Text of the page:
The Secret to a Successful Marriage Proposal
Will you marry me? It’s a simple question, but the answer has enormous implications.
Whether you’re the one posing the question, or on the receiving end, there are clear expectations about what marriage proposal looks like.
That is, we (members of the same culture) have a script or a shared set of beliefs about how life events should transpire, including when, where, and in what order key pieces occur (Berntsen & Rubin, 2004).
These beliefs touch on elements such as the timing of the proposal, who does the asking, who should or shouldn’t be there, and whether a ring is needed.
Though marriage proposals represent a key life experience and relationship transition point, research has not fully explored the nature of successful and failed proposals.
To learn more about heterosexual marriage proposals in Western culture, Lisa Hoplock Ph.D. and Danu Stinson Ph.D. from the University of Victoria in Canada examined 400 proposal descriptions posted in online forums (e.g., Reddit.com and Weddingbee.com).
A group of seven trained coders dissected each proposal description to extract key elements (e.g., partners’ ages, relationship length, had they discussed marriage previously, whether the proposal followed the script, setting of the proposal, etc.) (Hoplock & Stinson, 2021).
As expected, based on existing cultural scripts, men made the vast majority of proposals (94 per cent). Because that number was so high, the final analysis focused only on the 374 traditional proposals.
5 Keys to Successful Proposals
A few characteristics were associated with women accepting a male’s proposal:
- Date Longer – Compared to rejected proposals, couples with successful proposals had dated an average of two years longer.
- Have “The Talk” – 100 per cent of couples describing accepted proposals had previously discussed getting married, while only 40 per cent of the rejected proposals had talked about marriage.
- Have a Ring – Men were eight times more likely to get rejected if they didn’t provide a ring when popping the question.
- Take a Knee – Men were four times more likely to get rejected if they didn’t kneel for the proposal.
- Go It Alone – Most couples (63 per cent) propose privately without others around. That’s smart because the odds of rejection were nearly two times higher if the proposal was done in public with others around
Accepted proposals are emotional experiences. Women’s most common reactions were strong emotions such as happiness, surprise, and excitement, as well as physical reactions such as shaking, hugging, and kissing (e.g., “I couldn’t tell you what he said now, so much excitement, surprise and adrenaline.”).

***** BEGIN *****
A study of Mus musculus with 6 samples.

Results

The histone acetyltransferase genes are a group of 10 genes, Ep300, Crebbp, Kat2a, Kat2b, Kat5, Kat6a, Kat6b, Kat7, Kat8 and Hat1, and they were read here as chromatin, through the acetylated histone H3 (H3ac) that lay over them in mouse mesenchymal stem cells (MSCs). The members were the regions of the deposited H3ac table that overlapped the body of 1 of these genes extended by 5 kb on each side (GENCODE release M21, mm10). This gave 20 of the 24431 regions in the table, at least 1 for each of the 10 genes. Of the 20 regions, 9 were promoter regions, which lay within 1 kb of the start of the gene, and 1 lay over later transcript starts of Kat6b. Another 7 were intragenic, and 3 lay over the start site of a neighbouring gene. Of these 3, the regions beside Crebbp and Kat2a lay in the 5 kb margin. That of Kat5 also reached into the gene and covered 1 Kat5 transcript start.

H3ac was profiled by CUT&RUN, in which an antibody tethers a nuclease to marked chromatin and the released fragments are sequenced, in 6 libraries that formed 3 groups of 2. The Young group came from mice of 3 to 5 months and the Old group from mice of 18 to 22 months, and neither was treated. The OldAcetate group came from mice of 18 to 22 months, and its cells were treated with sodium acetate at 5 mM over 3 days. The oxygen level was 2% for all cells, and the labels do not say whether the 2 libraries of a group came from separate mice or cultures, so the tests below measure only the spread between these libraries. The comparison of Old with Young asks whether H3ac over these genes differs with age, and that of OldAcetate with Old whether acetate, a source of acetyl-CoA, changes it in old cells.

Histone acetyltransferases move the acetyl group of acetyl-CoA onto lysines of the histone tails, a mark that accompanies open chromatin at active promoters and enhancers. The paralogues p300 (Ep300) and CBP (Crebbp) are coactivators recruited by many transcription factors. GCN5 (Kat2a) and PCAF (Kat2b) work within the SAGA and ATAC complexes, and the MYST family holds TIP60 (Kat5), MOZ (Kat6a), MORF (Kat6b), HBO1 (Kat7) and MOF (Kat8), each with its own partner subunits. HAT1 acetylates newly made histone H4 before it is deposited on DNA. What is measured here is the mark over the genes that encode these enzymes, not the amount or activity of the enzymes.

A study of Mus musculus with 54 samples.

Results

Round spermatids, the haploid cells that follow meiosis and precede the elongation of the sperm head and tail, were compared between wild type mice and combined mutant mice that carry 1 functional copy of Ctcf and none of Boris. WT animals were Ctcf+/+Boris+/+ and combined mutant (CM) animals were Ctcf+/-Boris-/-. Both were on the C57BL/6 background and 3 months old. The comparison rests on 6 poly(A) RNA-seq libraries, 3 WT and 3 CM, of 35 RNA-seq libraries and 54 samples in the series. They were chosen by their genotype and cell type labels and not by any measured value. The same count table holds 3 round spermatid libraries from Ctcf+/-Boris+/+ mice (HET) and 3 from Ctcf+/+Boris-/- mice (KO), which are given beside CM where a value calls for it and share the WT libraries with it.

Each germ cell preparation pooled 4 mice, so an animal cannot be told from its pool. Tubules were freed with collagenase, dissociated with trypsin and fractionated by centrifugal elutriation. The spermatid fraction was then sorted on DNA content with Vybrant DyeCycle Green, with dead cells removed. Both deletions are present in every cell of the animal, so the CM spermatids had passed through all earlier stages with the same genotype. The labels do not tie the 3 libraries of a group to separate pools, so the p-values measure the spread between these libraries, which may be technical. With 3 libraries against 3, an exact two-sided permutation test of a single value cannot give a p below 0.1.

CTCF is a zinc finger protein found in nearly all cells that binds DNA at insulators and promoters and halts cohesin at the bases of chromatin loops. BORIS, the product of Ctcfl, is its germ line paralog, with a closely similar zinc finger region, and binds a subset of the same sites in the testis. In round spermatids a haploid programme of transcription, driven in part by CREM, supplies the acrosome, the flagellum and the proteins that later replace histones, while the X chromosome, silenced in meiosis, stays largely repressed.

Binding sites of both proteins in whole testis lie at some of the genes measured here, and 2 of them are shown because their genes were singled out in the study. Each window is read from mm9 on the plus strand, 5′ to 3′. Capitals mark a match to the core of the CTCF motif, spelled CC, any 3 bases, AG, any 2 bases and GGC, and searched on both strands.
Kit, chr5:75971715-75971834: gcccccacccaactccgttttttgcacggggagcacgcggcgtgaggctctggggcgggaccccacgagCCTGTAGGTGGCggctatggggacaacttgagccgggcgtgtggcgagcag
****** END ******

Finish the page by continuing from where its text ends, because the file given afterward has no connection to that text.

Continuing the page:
A combination of a laughing and crying was also common due to the overwhelming positive feelings. Similarly, men reacted to accepted proposals with crying, shaking, a sense of relief, and pounding hearts (e.g., “I of course said yes, and then he hugged me for like five minutes, and I could feel his heart racing.”).
Sadly, not all proposals have such happy outcomes.
3 Common Themes in “Rejected” Proposals
When people wrote about their failed proposal experiences, their accounts had several themes in common.
- Bad Timing – This involves being too young and not ready (e.g., proposing in high school), not being in the relationship long enough (“wasn’t ready for anything serious and wouldn’t be any time soon.”), or it being a bad time in general (e.g., after a loved one’s death).
- Trying to Save the Relationship – When relationships are troubled a proposal is a misguided way to solve problems or prevent a break-up (“I guess he thought he could save the relationship that way, but we both knew that it wouldn’t last much longer.”).
- Failing to Meet Expectations – Rejected proposals often didn’t live up to what women hoped for (e.g., “I was disappointed that he didn’t take a knee,” “He didn’t ask my dad even though that’s what I wanted.”)
When rejecting a proposal, women felt bad for their partner and were sympathetic (e.g., “I turned him down as gently as I could. The look on his face still haunts me.”). Also, when women sensed an impending unwelcome proposal they tried to prevent it from happening (e.g., “Nobody deserves to hear a ‘no’ response to the question you’re about to ask me. I can’t let you do that”).
It was also common for women to be brought to tears when turning down a proposal. When rejected, men were angry and confused (e.g., “He looked like he had the wind knocked out of him”). Crying was also common among men.
Surprisingly, nearly one out of three relationships (30 per cent) continued after the rejected marriage proposal.
There’s also a very serious side to rejected proposals, with 15 percent of rejected proposal accounts included elements of intimate partner violence (either prior to the proposal or afterward).
That includes behaviors such as manipulation, excessive control (e.g., “He liked to isolate me and constantly demanded my attention.”), coercion, suicide threats, and stalking (e.g., “So began the stalking, obsessive calling and texts, letters on my car while I worked, following me while on dates…”)
Clearly every relationship is unique and what might work for some couples’ proposals won’t be effective for others. Similarly, no one strategy guarantees success or failure. That said, this research provides several guidelines to help increase the chances of a proposal’s success.
For example, it’s clearly important to know what your partner expects by understanding the proposal script that they’re following. When women were unhappy with how the proposal unfolded, they were more likely to say “no.”
Similarly, as they say, “timing is everything.” If the question gets popped too early, it’s more likely to result in rejection. Ultimately, there are rules of engagement that are worth knowing so that your relationship can get the strong start you desire.